Wisconsin Public Service gets approval for transmission line

By the OGJ Online Staff

HOUSTON, Aug. 17, 2001 – Wisconsin Public Service Corp. got the go-ahead Friday from state regulators to build the Wisconsin portion of a proposed $200 million, 250-mile 345 kv transmission line, which Gov. Scott McCallum set as one of his energy priorities.

By a 3-0 vote, the Public Service Commission of Wisconsin approved construction of the Wausau-to-Duluth electric transmission line. The joint project of Minnesota Power, a unit of Allete Co., and Wisconsin Public Service a unit of WPS Resources Corp., Green Bay, Wis., was originally announced Apr. 15, 1999. The Minnesota portion of the project was approved in March.

The transmission line will permit electricity to be imported into Wisconsin and is the first step in improving the reliability of a fragile transmission system, according to Patrick Schrickel, president of Wisconsin Public Service, and Don Shippar, chief operating officer of Minnesota Power.

They said it’s difficult at the present time to import necessary power into Wisconsin and to move bulk amounts of power within the state to where it is needed. “During the past three summers, electric supply could not keep pace with demand, putting the integrity of the entire Midwest’s transmission system at risk,” Schrickel said.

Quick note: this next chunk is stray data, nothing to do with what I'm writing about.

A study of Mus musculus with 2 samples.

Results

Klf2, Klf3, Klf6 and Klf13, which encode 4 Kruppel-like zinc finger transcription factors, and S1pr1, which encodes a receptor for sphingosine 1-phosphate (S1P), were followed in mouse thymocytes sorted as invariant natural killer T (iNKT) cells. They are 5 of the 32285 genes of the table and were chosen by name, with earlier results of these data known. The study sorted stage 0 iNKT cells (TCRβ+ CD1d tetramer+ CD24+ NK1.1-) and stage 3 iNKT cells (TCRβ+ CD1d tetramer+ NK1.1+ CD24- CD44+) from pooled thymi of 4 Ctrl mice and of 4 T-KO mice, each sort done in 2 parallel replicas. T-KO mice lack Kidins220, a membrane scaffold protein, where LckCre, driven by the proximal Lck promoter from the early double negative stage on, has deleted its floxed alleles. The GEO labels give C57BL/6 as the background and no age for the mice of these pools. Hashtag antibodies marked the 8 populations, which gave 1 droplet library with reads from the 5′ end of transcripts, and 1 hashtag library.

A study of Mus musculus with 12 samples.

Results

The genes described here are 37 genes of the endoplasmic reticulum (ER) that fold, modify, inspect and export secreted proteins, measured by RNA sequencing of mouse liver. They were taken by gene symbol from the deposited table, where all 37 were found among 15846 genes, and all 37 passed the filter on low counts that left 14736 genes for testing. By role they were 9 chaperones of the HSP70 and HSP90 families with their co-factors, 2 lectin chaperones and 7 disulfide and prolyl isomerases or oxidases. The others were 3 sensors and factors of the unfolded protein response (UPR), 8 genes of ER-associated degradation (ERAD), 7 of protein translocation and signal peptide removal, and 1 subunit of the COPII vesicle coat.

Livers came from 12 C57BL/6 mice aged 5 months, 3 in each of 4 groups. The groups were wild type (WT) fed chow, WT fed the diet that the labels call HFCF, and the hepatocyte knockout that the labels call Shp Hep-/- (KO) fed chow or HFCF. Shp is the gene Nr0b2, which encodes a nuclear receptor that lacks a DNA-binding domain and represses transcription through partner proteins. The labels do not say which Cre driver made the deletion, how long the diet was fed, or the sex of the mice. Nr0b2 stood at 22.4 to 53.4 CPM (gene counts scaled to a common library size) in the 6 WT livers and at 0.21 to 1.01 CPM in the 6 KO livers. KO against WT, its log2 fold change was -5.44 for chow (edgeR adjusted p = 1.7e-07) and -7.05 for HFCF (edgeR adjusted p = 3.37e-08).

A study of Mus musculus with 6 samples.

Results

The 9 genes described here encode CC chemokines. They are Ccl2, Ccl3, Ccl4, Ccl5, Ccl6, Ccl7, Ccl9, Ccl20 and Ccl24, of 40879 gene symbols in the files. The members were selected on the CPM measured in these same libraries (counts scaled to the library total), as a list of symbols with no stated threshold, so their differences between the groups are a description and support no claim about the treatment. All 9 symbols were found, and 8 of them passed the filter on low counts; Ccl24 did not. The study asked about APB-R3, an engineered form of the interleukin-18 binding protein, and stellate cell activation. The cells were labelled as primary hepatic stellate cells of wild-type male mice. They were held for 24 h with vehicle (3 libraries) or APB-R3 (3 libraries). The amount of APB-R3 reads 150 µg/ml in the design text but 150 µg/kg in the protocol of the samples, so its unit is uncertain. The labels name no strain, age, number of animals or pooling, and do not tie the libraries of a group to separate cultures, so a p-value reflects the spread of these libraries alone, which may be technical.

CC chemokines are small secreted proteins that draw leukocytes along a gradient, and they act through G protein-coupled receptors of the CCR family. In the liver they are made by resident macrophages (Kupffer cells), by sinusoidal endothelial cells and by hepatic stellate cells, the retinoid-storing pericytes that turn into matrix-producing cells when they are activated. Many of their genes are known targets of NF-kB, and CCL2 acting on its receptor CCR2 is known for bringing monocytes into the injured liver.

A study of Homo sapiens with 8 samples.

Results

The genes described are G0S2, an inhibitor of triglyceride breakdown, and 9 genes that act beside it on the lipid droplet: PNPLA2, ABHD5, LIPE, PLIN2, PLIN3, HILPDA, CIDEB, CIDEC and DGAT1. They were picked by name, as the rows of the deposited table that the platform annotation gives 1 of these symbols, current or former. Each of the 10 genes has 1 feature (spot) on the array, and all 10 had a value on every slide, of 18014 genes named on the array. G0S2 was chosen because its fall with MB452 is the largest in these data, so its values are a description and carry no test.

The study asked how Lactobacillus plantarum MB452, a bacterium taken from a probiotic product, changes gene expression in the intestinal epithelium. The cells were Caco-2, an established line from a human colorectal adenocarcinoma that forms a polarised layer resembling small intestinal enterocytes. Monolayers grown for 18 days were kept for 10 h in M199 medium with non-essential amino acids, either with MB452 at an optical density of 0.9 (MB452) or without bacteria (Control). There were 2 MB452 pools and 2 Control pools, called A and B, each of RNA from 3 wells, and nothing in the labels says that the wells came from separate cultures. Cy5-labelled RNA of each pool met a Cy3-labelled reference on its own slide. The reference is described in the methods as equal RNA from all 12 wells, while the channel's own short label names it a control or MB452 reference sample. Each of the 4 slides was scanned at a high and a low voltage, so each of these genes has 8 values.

“Customers expect electricity to be there when it’s needed, so we have to make sure the delivery system can fulfill that expectation.”

Conceding people along the route may not want a transmission line, they said the benefits outweigh the objections. About 50% of the proposed routes are on existing rights-of-way, while 20% are on public lands owned by the state, county, or local townships.

“Both companies fully intend to work with all private and public landowners who may be impacted by this project,” said Shippar.

Wisconsin Public Service serves 400,000 electricity and natural gas customers in a 19-county area in northeastern and central Wisconsin, and a portion of Michigan’s Upper Peninsula. Minnesota Power serves northeastern and central Minnesota.

Construction is expected to begin in 2002 and take 2-3 years to complete.